Recently I keep hearing the same story over and over about twitter. The headline reads 40% of twitter is pointless babble. Now of course there are a variety of reasons the headline is misleading. First and foremost is the method the study used to determine pointless babble. Of course there is always a random tweet out there, even I occasionally engage in what is clearly pointless babble, but in a lot of cases what you or I may think is pointless babble may be of great value to someone else. I know in Facebook (FB) land I don’t mind random posts about what someone is doing, after all I do have a true friendship with most of those people. Another problem with the headline is the subtext. Essentially they are trying to say that twitter is pointless. Here is where I would like to show you the power of twitter. I’ll show you how I’ve used it in some very powerful ways.
It started last year (2008) when I was working on a project for work. I was trying to interface a router with my Comcast internet. Sounds easy, but for some reason my router wasn’t working. In frustration I tweeted about it and in my tweet in included Comcast. Not long afterward I got a popup from a Comcast representative asking me what the problem was. At first I was a little weirded out, but after we went through a few steps together I found it quite helpful. I didn’t ask for Comcast to contact me, but they did and they were quite helpful, probably more so than if I had called. It was at this moment I realized just how powerful twitter can be. I probably posted the same “tweet” on FB, but certainly didn’t get an answer through FB from a Comcast rep. The nature of FB is closed, which is in some ways a very good thing, but in this instance even though I have 3x as many friends on FB I still wouldn’t have gotten a Comcast rep. I’m just not friends with any.
More recently I needed to book a bus between Boston and NYC. I was booking for a Tuesday departure and Tuesday return. As such I needed a late bus. The one company I wanted to with, Bolt Bus, didn’t go late enough. I searched online, but I really wasn’t turning anything up. So I tweeted. Another difference between my FB friends and Twitter friends is that more of them are local or tailored to my profession. I figured if I tweeted there were plenty of Boston followers that would help me out. I got this response in little time at all. Not only did Megabus work out, but I got the round trip tickets for $2.50. In the process the official Megabus twitter account also contacted me.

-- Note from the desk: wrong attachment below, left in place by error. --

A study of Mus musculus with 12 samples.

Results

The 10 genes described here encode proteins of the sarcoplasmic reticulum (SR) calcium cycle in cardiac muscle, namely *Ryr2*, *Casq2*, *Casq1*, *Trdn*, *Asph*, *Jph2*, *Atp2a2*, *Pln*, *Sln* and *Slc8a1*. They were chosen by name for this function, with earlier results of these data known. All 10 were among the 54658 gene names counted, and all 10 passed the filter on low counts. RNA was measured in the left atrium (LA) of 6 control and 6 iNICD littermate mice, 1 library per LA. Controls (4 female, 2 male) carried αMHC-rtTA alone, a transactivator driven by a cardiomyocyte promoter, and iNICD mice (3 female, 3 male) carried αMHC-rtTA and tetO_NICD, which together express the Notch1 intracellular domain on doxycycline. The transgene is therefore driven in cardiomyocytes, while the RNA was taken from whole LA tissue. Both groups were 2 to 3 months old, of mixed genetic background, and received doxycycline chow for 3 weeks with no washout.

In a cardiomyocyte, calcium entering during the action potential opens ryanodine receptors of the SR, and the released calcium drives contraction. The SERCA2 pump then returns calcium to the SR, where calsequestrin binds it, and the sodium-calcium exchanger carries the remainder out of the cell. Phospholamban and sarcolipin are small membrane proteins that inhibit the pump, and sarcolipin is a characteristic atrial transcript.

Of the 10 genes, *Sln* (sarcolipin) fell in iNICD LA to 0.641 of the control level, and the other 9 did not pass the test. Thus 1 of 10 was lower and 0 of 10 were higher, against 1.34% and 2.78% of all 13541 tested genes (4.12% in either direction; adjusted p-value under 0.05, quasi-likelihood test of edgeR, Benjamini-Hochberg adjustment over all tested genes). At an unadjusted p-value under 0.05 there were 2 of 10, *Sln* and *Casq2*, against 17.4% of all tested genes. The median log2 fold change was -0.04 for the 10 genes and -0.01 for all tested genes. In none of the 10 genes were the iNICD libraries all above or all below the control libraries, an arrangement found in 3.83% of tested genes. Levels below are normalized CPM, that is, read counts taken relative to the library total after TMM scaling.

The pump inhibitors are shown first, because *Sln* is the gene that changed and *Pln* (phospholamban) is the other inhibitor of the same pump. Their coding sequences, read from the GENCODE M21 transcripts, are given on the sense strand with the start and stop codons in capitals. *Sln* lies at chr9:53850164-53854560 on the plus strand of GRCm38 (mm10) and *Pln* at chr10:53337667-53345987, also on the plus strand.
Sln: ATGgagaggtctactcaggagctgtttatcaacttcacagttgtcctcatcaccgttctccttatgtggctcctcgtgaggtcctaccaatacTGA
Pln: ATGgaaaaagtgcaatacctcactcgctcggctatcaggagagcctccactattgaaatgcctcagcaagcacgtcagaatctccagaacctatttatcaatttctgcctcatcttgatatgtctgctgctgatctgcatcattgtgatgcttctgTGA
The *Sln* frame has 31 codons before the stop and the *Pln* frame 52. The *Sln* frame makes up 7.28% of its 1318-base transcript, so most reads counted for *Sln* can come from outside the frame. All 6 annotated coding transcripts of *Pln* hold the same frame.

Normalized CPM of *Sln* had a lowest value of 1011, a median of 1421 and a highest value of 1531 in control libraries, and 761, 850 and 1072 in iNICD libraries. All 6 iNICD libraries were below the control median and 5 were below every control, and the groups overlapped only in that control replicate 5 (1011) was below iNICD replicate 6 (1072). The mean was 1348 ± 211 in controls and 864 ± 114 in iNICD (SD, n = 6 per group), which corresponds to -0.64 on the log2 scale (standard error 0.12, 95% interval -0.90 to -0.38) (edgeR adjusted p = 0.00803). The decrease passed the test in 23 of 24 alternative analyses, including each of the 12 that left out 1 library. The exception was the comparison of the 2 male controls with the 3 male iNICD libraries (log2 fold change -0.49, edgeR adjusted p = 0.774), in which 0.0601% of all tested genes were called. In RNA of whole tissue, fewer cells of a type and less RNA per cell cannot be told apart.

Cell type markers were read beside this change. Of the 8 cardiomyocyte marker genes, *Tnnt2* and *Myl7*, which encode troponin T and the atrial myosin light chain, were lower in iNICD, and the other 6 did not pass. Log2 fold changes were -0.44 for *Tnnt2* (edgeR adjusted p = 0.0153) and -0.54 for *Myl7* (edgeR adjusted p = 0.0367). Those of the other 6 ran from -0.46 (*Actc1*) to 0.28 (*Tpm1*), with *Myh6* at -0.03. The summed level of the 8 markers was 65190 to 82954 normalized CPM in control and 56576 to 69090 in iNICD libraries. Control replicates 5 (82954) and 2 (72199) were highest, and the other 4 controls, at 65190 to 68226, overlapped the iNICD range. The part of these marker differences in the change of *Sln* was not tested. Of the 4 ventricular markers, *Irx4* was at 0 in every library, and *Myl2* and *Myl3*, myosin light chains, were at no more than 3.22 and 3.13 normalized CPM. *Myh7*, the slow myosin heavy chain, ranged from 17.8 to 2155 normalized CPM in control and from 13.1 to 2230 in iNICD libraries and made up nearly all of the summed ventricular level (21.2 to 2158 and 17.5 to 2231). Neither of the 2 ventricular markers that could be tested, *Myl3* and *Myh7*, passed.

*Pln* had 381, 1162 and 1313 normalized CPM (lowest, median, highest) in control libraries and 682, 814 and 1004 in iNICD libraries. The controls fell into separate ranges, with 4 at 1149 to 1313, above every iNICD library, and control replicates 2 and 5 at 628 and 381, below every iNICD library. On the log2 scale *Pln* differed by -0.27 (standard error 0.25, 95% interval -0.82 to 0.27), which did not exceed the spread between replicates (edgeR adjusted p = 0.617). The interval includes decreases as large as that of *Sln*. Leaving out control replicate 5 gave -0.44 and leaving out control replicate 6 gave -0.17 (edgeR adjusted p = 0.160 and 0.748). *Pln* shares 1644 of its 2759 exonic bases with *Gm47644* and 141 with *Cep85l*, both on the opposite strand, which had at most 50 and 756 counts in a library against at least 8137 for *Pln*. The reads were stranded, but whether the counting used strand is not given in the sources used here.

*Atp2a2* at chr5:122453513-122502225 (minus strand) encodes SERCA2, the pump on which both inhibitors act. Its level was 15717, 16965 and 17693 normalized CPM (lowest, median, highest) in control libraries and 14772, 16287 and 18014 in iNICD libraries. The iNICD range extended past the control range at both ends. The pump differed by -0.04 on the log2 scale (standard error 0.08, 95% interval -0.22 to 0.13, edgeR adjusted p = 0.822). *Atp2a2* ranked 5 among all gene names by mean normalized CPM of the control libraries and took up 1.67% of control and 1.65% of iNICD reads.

Probably the most fascinating story is the one that happened recently. My wife got in a minor accident with an MBTA bus. From the sound of it she cleared the red light, but there wasn’t enough space for the bus to make the turn. The end result was that the bus hit our car. When my wife confronted the bus driver he had already let out all of the riders leaving no witnesses. To make matters worse the bus driver already made up a story to try to make my wife the guilty one. I tweeted about the situation and got this in response. Which eventually led to an actual witness. Fortunately, it looks like everything is going to be taken care of without such a witness, but it is nice to know I can contact one if I needed to.
This *is* the power of twitter. Sure there are times when I get random tweets, but for the most part I ignore them. And of course there are plenty of people not worth following, but that is why I don’t follow them. But when it comes to getting things done or answering questions that Google doesn’t suffice for twitter is there and is quite powerful. These are just my personal examples, there are plenty more. Examples like breaking the news about Michael Jackson, or following real life opposition in Iran. None of this is pointless babble. It has real worth, and despite what anyone may think of twitter it is what you make it. If all you want is pointless babble have at it, but you can make twitter much much more.